Document Detail

The effect of order of presentation of verbal probability expressions on numerical estimates in a medical context.
MedLine Citation:
PMID:  21974729     Owner:  NLM     Status:  In-Data-Review    
Many medical decisions are made on a probability estimate. Models of risk benefit calculations in health behaviour rarely articulate how people perceive and appraise such probability. Cognitive processes may mediate the processing of probability expressions and may be important to understand the meaning or the range of meanings that probability statements portray to patients. Past studies have indicated that verbal expressions of probability are vague and subject to individual interpretation. On the theoretical level when subjects are asked to translate a set of verbal probability expressions, ranging from high to low, into their equivalent numerical expressions subjects usually produce a continuum of numerical equivalents also ranging from high to low. In practice clinicians frequently communicate information about uncertainty to the patients by verbal probability estimates. This study explored the effect of the order of presentation of the verbal expressions on the numerical probabilities produced by a group of medical students (n = 87) in relation to medical probabilities. The results showed that the order of presentation (descending vs. random) of the verbal probability expressions was found to have a significant effect on three of the seven numerical probabilities produced by the subjects. The order effect is discussed to together with implications for clinical practice.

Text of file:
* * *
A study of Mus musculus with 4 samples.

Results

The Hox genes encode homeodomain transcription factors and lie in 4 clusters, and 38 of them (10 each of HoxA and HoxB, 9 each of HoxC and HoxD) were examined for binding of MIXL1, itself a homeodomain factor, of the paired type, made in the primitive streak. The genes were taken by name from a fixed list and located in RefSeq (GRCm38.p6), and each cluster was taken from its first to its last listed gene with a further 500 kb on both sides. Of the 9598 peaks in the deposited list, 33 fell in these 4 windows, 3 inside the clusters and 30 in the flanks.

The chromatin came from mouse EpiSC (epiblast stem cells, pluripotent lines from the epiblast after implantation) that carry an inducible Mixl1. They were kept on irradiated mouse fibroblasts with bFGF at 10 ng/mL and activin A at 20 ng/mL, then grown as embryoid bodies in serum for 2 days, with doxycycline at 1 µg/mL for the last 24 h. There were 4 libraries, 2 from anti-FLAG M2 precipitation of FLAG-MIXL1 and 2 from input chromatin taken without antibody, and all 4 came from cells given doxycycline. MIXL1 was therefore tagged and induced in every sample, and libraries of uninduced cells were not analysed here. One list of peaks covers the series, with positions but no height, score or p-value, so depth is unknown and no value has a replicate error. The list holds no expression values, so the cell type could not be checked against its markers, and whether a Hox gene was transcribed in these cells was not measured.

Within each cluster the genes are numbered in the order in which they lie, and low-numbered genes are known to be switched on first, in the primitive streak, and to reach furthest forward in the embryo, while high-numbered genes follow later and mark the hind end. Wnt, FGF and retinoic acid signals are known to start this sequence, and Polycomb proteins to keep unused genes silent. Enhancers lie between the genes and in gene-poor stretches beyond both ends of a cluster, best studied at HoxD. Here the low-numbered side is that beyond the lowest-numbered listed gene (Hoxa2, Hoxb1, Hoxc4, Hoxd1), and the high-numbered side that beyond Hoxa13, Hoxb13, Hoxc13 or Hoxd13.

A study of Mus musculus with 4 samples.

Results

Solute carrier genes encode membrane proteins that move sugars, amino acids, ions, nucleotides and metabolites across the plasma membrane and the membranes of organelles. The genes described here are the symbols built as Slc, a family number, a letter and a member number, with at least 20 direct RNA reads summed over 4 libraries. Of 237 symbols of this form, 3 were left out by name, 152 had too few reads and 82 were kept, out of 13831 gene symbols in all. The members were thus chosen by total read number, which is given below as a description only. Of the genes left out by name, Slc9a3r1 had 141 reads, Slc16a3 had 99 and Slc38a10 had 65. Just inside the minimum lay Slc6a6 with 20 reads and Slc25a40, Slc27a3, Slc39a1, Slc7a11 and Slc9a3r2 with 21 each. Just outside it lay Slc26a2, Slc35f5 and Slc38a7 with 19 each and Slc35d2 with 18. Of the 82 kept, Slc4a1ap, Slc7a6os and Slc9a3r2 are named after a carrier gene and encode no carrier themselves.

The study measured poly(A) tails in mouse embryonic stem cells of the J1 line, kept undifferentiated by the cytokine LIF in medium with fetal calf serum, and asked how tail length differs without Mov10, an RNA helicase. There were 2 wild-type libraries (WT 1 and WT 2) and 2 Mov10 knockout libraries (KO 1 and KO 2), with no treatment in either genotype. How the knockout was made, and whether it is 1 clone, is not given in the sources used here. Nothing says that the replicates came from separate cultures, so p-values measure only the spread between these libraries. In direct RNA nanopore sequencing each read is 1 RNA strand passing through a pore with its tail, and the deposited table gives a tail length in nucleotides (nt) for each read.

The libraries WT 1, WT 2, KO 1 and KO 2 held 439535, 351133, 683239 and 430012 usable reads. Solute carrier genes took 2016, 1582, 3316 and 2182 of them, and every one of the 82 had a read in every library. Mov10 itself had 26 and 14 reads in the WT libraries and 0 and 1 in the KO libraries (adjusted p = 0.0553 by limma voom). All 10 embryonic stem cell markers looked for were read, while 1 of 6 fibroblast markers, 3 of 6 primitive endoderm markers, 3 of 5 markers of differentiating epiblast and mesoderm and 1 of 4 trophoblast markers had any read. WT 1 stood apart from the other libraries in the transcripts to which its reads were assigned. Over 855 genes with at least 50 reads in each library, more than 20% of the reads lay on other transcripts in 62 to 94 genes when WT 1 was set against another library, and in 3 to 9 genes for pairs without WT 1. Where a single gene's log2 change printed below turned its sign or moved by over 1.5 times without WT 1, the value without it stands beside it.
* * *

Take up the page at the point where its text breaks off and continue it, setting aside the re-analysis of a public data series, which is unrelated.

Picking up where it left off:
A Bergenstrom; L Sherr
Type:  Journal Article    
Journal Detail:
Title:  Psychology, health & medicine     Volume:  8     ISSN:  1354-8506     ISO Abbreviation:  Psychol Health Med     Publication Date:  2003 Nov 
Date Detail:
Created Date:  2011-10-06     Completed Date:  -     Revised Date:  -    
Medline Journal Info:
Nlm Unique ID:  9604099     Medline TA:  Psychol Health Med     Country:  England    
Other Details:
Languages:  eng     Pagination:  391-8     Citation Subset:  -    
a Bloomberg School of Public Health , Johns Hopkins University , Baltimore , Maryland , USA.